What are tonsils and why do I have them?
Tonsils are fleshy masses of lymphatic tissue that help fight off illness and infection. The tonsils are located on both sides of the throat and in the back of the throat, behind the nose. They are part of our lymphatic system and, in their healthy state, produce antibodies to battle bacteria that enter through the mouth and nose.
Why do mine hurt?
Tonsils help the body fight infection by sampling germs that enter our bodies through the nose and mouth when we breathe. Sometimes, the tonsils themselves can become infected, which leads to redness and inflammation. When the tonsils are inflamed, swallowing can become very painful.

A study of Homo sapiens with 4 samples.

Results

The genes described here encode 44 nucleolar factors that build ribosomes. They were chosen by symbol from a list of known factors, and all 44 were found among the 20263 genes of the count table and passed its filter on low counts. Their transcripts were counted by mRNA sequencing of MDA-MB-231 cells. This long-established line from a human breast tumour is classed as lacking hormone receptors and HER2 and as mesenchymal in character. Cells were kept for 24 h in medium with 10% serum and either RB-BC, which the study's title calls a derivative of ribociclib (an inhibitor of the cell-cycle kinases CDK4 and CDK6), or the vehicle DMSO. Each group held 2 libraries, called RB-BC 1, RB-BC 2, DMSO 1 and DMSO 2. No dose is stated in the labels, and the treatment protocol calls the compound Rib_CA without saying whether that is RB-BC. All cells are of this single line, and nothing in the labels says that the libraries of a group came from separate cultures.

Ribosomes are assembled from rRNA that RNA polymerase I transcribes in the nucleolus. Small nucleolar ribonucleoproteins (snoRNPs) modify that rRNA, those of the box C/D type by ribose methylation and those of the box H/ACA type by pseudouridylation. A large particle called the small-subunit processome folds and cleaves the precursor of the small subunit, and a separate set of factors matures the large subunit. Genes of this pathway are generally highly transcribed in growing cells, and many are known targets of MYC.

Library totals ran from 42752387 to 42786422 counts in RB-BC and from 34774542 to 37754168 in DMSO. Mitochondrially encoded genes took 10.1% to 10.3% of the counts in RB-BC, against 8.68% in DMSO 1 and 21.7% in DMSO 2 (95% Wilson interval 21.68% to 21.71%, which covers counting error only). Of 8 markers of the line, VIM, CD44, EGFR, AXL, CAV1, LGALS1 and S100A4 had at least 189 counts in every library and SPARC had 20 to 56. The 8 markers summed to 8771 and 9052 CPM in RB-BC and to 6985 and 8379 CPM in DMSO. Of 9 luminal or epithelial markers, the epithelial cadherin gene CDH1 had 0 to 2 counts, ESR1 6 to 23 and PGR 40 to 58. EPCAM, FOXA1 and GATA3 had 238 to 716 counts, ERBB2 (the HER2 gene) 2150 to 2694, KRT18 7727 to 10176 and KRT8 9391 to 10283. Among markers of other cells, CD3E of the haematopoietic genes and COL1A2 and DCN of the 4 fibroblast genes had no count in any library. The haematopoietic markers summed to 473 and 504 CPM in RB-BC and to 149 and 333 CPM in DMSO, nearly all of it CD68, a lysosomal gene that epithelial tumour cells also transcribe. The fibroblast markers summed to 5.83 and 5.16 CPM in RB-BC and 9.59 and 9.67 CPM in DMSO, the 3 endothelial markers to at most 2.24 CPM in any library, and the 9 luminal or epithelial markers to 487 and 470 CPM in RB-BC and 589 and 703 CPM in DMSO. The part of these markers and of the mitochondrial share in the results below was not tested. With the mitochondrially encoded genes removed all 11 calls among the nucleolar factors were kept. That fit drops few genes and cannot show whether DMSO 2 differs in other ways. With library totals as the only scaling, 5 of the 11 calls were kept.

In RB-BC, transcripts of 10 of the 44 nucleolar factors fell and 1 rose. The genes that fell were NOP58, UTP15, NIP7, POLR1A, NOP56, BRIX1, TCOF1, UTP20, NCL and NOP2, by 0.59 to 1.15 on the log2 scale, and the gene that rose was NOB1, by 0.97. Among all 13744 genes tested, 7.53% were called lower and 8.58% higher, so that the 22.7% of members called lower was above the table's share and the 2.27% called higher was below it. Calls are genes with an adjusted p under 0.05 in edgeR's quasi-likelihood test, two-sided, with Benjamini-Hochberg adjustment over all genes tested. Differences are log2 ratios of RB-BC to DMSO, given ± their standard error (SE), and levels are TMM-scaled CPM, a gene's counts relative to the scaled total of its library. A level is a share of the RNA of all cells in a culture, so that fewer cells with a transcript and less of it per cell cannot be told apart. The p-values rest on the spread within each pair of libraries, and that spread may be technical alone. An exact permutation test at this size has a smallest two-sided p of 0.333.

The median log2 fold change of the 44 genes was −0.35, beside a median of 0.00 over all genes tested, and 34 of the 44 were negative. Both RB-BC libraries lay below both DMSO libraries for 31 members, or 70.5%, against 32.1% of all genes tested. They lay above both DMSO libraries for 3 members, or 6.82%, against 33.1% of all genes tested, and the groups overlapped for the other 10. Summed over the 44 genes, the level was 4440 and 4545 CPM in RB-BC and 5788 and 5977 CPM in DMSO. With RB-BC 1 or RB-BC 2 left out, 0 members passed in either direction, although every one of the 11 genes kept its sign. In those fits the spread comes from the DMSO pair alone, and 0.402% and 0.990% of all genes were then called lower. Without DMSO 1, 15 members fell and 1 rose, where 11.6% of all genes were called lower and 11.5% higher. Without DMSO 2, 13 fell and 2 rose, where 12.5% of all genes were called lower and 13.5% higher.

Why do we have them taken out?
Tonsils are removed for two main reasons: recurrent infection and tonsillar hypertrophy (enlarged tonsils). Tonsillar infection leads to inflammation and swelling (tonsillitis), which can be very painful. A patient who develops tonsillitis repeatedly in a relatively short amount of time is said to have recurrent tonsillitis. To treat recurrent tonsillitis, doctors may consider removing the tonsils. Enlarged tonsils, by contrast, are typically not painful, but in some cases they can block the throat or restrict airflow during breathing.
Is it common for people to have their tonsils taken out?
Tonsillectomy is one of the most commonly performed procedures today. Approximately 600,000 adult and pediatric tonsillectomies are performed annually in the US.*
*Noordzij JP, Affleck BD. COBLATION versus unipolar electrocautery tonsillectomy: a prospective, randomized, single-blind study in adult patients. Laryngoscope 2006;116(8):1303-9.